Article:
Saturday, June 15, 2013

Father's Day: A Tale of Two Scots Lyrics

Dad and me, Victoria Street, Gorebridge, 1962 (Tattie Raw)
He met the world as a Dalkeith boy,
Raised from a shaft at Monktonhall
In a well-oiled cage,
That locked away his dreams.
The song, Lucky was written by Dalkieth boy Fish (of Marillion fame) and has always been a favorite of mine.

My dad was raised in Gorebridge, just a few miles from Dalkeith, and his shaft wasn’t at Monktonhall Colliery, but nearer home; at the deep coal mine called the Lady Victoria. I’ve been in the cages of both mines, and know the darkness that creeps into your psyche as the human elevator descends, sending you into the depths of the earth. Each journey down, like visiting Hell for eight hours. Conditions underground sapped your strength, your health, and your hunger for life. The dust killed your lungs, and your respiratory system. My dad worked for the National Coal Board all his life; from boyhood fifteen to a jaded fifty-two, when he retired early.

I’m not sure, however, that the cage ever locked my Dad’s dreams away. He was born in 1933, and was a young boy through the Second World War. Times were hard, rationing lasted many years after Hitler took the poisoned capsule, and life went on.

Gorebridge Primary School Class Photo, 1945. My Dad is the one on the lower right.

Dad married Mum in 1957, but they stayed in the same village. It’s where my brother and I were born. Mum and Dad both lived all their adult lives there; very static, very ordinary, almost boring. They both died in the same house they’d been allocated when they were in their twenties. They’d been happy to stay there for almost fifty years.

So, you see; I’m not sure if dad had any unrequited dreams at all. Give him a fishing rod by the side of a river, or a comfy chair and a John Wayne film to watch, or stick him in his greenhouse, and he was as happy as a proverbial pig in clover. We grew tomatoes, and by all my recollection we supplied half the neighborhood. We reaped the harvest of his innate generosity in unusual ways. I still remember the night we got pheasants from the gamekeeper at Yair Bridge on the river Tweed (I think there was more than tomatoes involved here, I seem to remember a bottle of whiskey or two...). Dad was delighted at his prize, anticipating a wonderful home cooked version of "pheasant under glass". We hung the birds up in the greenhouse to mature, and we went to work the next day. When we arrived home dad went to check on the birds to find they had disappeared. Imagine his chagrin when he discovered Mum had thrown them in the trash, saying they "stunk tae high heaven!"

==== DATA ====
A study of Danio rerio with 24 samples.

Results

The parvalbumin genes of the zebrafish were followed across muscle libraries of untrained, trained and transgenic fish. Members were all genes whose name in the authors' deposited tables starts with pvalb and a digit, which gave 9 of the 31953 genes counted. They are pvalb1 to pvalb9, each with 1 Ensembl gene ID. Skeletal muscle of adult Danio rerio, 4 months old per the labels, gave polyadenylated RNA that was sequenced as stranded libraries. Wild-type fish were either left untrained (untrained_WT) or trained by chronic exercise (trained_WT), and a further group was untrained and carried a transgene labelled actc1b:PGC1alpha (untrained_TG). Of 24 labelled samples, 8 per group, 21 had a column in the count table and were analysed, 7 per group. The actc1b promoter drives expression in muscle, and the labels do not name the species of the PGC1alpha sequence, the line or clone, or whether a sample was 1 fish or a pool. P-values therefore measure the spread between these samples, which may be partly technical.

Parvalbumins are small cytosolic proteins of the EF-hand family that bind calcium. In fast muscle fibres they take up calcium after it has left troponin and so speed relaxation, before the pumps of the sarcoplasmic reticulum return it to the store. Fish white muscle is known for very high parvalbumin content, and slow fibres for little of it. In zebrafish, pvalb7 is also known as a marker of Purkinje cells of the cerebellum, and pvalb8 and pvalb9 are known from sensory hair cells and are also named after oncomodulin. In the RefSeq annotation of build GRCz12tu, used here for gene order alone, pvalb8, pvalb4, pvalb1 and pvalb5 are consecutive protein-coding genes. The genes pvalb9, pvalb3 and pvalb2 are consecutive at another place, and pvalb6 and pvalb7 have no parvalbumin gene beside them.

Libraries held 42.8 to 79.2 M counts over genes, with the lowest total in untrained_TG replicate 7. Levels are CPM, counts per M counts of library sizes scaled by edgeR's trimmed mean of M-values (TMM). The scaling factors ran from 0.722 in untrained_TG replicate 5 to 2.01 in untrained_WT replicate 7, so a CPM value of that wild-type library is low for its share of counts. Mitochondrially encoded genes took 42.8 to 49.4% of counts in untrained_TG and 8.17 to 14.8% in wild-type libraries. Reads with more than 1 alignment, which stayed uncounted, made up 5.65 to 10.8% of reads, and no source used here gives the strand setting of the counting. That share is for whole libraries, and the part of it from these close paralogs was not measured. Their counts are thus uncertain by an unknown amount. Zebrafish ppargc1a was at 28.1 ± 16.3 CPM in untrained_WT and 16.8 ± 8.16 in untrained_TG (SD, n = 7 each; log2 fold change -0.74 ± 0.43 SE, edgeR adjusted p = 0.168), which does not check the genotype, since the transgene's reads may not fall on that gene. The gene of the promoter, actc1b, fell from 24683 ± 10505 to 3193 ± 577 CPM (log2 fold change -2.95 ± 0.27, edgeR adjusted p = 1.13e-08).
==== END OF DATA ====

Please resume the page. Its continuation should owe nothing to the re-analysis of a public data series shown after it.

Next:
The Hall Men: Me, Brother Kevin, and Dad  (with longsuffering Mum, Kathy)

I mulled these thoughts around in my head for a day or two as I thought about writing a Father's Day post about my dad. Then yesterday afternoon, the day before Father’s Day, I was outside in my Kansas garden and working to tie my tomato plants to canes. I caught an unmistakable whiff of 'tomato plant' from my fingers and BAM!  I was back in Dad’s Alton greenhouse in Gorebridge, aged about ten. Back in those days, it was my job to water, feed, and to pollinate the flowers by ‘tickling’ them with a rabbits tail. I spent a lot of time in Dad's greenhouse.

Lyrics swept into my head, The Living Years by Mike and the Mechanics. The song was written by Mike Rutherford (Genesis) and B.A. Robertson, who’d both recently lost their dads.

I wasn't there that morning when my Father passed away
I didn't get to tell him all the things I had to say
I had moved to America before Dad died, and I wasn’t there the day that he passed, so the words were poignant and oh so fitting. I smelled the tomato on my fingers again, just to feel the memory, just to feel the tears roll down my cheeks, just to remember him.

So, I’ll remember the smell of tomato plants on my fingers, John Wayne films, and the feel of a trout on the line, and as I do so… I’ll remember Dad.

A collection of my memories of Gorebridge, available in all eBooks

Now, due to the demand of my friends still in Scotland, available in paperback on Amazon.